But, it’s not just Google that is quantifying everything you do – pretty much every website is tracking you in some shape or form. Here’s what you need to know, and also a way to keep the trackers at bay.

Is Your Favorite Website Spying On You?

Today’s infographic is from StudyWeb, and it goes over how different websites engage in tracking users.

These trackers are intended to allow websites to tailor their experience to each user. This way, you’ll see more relevant ads, and your individual preferences will be remembered. While many people appreciate these benefits, others do not believe the trade-off with their privacy is worth it.

If you are a privacy-oriented person and want to take action, the bottom of the infographic gives you step-by-step instructions on how to change your browser preferences on a number of devices to avoid such extensive tracking.

Is Your Favorite Website Spying On You?

How you experience the web should be your choice. That’s why being informed about how tracking works and learning how to protect your privacy are both important things to know.

While it’s true that trackers can’t be eliminated completely – mainly because top websites like Google and Amazon have their own proprietary tracking systems – taking these actions can at least help keep them at bay.


How to Be Invisible on the Internet

This in-depth infographic provides a practical guide on how anyone can increase privacy on their browser, social media networks, and mobile device.


Although giving up your data was once an afterthought when gaining access to the newest internet services such as Facebook and Uber, many people have had their perspective altered by various recent scandals, billions of dollars of cybertheft, and a growing discomfort around how their personal data may be used in the future.

More people want to opt out of this data collection, but aside from disconnecting entirely or taking ludicrous measures to safeguard information, there aren’t many great options available to limit what is seen and known about you online.

The Next Best Thing

It may not be realistic to use Tor for all online browsing, so why not instead look at taking more practical steps to reducing your internet footprint?

Today’s infographic comes to us from CashNetUSA, and it gives a step-by-step guide – that anyone can follow – to limit the amount of personal data that gets collected on the internet.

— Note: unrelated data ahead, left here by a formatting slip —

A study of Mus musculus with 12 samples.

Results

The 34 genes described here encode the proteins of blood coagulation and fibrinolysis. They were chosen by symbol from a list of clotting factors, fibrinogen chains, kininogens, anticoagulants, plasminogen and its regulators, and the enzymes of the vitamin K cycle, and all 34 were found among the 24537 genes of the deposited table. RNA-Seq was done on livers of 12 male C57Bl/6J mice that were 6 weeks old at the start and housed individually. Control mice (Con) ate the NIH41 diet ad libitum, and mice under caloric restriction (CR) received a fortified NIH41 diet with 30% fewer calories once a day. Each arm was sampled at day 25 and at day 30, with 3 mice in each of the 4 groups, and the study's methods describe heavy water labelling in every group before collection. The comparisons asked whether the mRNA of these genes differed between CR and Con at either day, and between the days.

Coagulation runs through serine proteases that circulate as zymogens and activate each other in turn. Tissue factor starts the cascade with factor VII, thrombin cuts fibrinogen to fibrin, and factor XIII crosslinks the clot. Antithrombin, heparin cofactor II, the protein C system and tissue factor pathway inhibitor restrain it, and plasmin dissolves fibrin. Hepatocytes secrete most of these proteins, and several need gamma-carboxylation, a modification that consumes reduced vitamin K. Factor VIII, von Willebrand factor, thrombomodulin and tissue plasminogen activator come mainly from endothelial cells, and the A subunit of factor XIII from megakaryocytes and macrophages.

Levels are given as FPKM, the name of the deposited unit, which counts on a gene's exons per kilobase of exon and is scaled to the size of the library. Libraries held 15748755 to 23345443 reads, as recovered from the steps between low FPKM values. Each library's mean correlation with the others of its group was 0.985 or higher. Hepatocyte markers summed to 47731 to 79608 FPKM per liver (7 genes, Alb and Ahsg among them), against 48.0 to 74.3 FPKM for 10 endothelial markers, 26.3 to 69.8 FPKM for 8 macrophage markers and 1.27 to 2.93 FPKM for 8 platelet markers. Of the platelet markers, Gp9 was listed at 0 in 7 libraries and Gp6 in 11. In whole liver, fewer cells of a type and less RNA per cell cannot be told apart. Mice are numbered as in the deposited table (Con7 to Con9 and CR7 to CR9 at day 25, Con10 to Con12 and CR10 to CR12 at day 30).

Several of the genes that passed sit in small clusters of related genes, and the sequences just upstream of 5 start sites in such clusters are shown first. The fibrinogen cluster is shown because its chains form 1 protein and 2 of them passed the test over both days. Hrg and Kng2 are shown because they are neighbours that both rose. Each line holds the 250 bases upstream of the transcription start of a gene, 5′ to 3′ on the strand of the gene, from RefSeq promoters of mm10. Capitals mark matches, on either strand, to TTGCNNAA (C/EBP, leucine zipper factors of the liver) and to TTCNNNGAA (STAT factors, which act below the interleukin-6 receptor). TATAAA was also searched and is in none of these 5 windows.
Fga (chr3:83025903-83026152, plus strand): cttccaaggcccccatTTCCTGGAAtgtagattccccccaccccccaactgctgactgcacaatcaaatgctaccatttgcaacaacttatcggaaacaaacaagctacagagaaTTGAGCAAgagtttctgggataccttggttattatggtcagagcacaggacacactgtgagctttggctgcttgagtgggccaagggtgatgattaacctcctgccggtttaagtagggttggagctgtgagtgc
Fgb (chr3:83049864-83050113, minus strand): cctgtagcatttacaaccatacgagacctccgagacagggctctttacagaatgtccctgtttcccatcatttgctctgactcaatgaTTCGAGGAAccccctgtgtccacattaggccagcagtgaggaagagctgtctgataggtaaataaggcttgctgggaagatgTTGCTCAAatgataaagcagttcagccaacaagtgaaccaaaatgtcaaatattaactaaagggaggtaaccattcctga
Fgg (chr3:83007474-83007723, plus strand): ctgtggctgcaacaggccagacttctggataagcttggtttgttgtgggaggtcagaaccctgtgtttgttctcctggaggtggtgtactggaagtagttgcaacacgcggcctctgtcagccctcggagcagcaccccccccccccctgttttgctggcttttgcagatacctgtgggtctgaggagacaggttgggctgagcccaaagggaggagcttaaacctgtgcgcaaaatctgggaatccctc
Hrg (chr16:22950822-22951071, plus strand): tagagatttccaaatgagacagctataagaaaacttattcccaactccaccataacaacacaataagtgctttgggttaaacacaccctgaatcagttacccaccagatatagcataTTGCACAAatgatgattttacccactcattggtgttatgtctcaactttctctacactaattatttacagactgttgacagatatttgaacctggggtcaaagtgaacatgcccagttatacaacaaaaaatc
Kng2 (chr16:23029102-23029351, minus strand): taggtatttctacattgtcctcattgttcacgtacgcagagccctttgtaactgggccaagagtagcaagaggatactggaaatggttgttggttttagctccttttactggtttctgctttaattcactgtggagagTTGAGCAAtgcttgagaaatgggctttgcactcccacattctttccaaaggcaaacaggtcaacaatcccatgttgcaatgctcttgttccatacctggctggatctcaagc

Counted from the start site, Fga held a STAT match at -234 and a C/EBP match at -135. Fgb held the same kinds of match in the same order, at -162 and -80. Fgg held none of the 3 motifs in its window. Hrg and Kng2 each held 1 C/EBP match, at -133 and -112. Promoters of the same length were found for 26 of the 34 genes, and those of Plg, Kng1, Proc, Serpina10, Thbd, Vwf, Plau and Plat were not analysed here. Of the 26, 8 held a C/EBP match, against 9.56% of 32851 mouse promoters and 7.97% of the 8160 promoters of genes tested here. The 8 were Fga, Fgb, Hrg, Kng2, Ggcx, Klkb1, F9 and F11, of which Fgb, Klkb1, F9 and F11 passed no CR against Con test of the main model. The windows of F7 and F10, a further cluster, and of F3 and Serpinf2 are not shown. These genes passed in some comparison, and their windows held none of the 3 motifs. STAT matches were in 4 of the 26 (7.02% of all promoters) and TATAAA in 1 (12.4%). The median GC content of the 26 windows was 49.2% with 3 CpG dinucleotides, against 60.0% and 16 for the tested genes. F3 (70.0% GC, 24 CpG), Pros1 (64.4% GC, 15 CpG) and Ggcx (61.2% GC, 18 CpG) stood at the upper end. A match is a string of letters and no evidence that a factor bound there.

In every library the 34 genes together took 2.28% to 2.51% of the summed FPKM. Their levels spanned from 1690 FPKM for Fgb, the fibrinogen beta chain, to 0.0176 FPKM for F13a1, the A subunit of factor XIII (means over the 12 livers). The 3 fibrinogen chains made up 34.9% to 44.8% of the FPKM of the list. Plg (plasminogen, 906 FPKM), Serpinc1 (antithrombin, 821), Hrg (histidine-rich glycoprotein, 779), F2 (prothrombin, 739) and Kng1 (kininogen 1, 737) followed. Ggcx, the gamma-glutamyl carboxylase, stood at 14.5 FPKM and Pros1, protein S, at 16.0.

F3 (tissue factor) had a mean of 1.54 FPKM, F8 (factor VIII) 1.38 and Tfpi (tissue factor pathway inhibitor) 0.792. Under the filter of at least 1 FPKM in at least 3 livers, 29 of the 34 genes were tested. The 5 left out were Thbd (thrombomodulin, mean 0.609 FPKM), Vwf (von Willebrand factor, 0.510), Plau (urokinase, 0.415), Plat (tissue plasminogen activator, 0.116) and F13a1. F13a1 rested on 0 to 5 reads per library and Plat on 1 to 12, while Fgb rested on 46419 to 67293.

How to Be Invisible on the Internet

As you can see, you can take simple steps to limit the amount of personal information you give up online.

To be absolutely clear, these actions will not reduce your footprint to nothing – but they will make many important categories of data invisible for all intents and purposes.

Basic Building Blocks

The simple actions that can be taken fall into three major realms: internet browsers, social networks, and mobile phones.

1. Internet Browsers:
Whether you are using Chrome, Firefox, or Internet Explorer, there are easy things you can do to increase privacy. These include using private browsing, blocking third-party cookies, and tailoring the permissions for websites that you access.

2. Social Media Platforms
Major social networks have options built-in for users seeking privacy – it’s just many people don’t know they are there. On Facebook, for example, you can prevent your name being linked to ads – and on Twitter, you can prevent Twitter from tracking you.

3. Mobile Phones
We live more and more on our smartphones, but thankfully there are options here as well. You can block ad tracking on Safari, or opt out of ad personalization on Android. There is even a simple setting on Android that allows you to encrypt your phone.


Here’s What the Big Tech Companies Know About You

Comparing the types of data that the big tech companies like Facebook, Google, and Amazon admit to collecting in their privacy policies.


Now that companies like Facebook, Amazon, and Alphabet are among the world’s most valued companies, people are starting to hold them more accountable for the impact of their actions on the real world.

From the Cambridge Analytica scandal to the transparency of Apple’s supply chain, it’s clear that big tech companies are under higher scrutiny. Unsurprisingly, much of this concern stems around one key currency that tech companies leverage for their own profitability: personal data.

What Big Tech Knows

Today’s infographic comes to us from Security Baron, and it compares and contrasts the data that big tech companies admit to collecting in their privacy policies.

Here

While the list of data collected by big tech is extensive in both length and breadth, it does take two to tango.

For many of these categories, users have to willingly supply their data in order for it to be collected. For example, you don’t have to fill out your relationship status on Facebook, but millions of users choose to do so.

Did I Opt Into This?

The majority of the data categories on the list make sense – it’s a no-brainer that Amazon has your credit card information, or that Google knows what websites you visit. Even the least tech-savvy person would likely understand this.

However, there are definitely some categories of data that get collected and stored that may sound unnerving to some people:

  • Facebook knows your political views, religious views, and even your ethnicity
  • Xbox users will have their skeletal tracking data collected through the Kinect device
  • Facebook also knows your income level, which it finds out through partnerships with personal data brokers
  • Platforms collect your documents, email, and message data – though some of this is just metadata
  • Facebook and Microsoft store facial recognition data, based on the pictures you upload

Remember, this is just what companies admit to collecting in their privacy policies – what else do you think they know?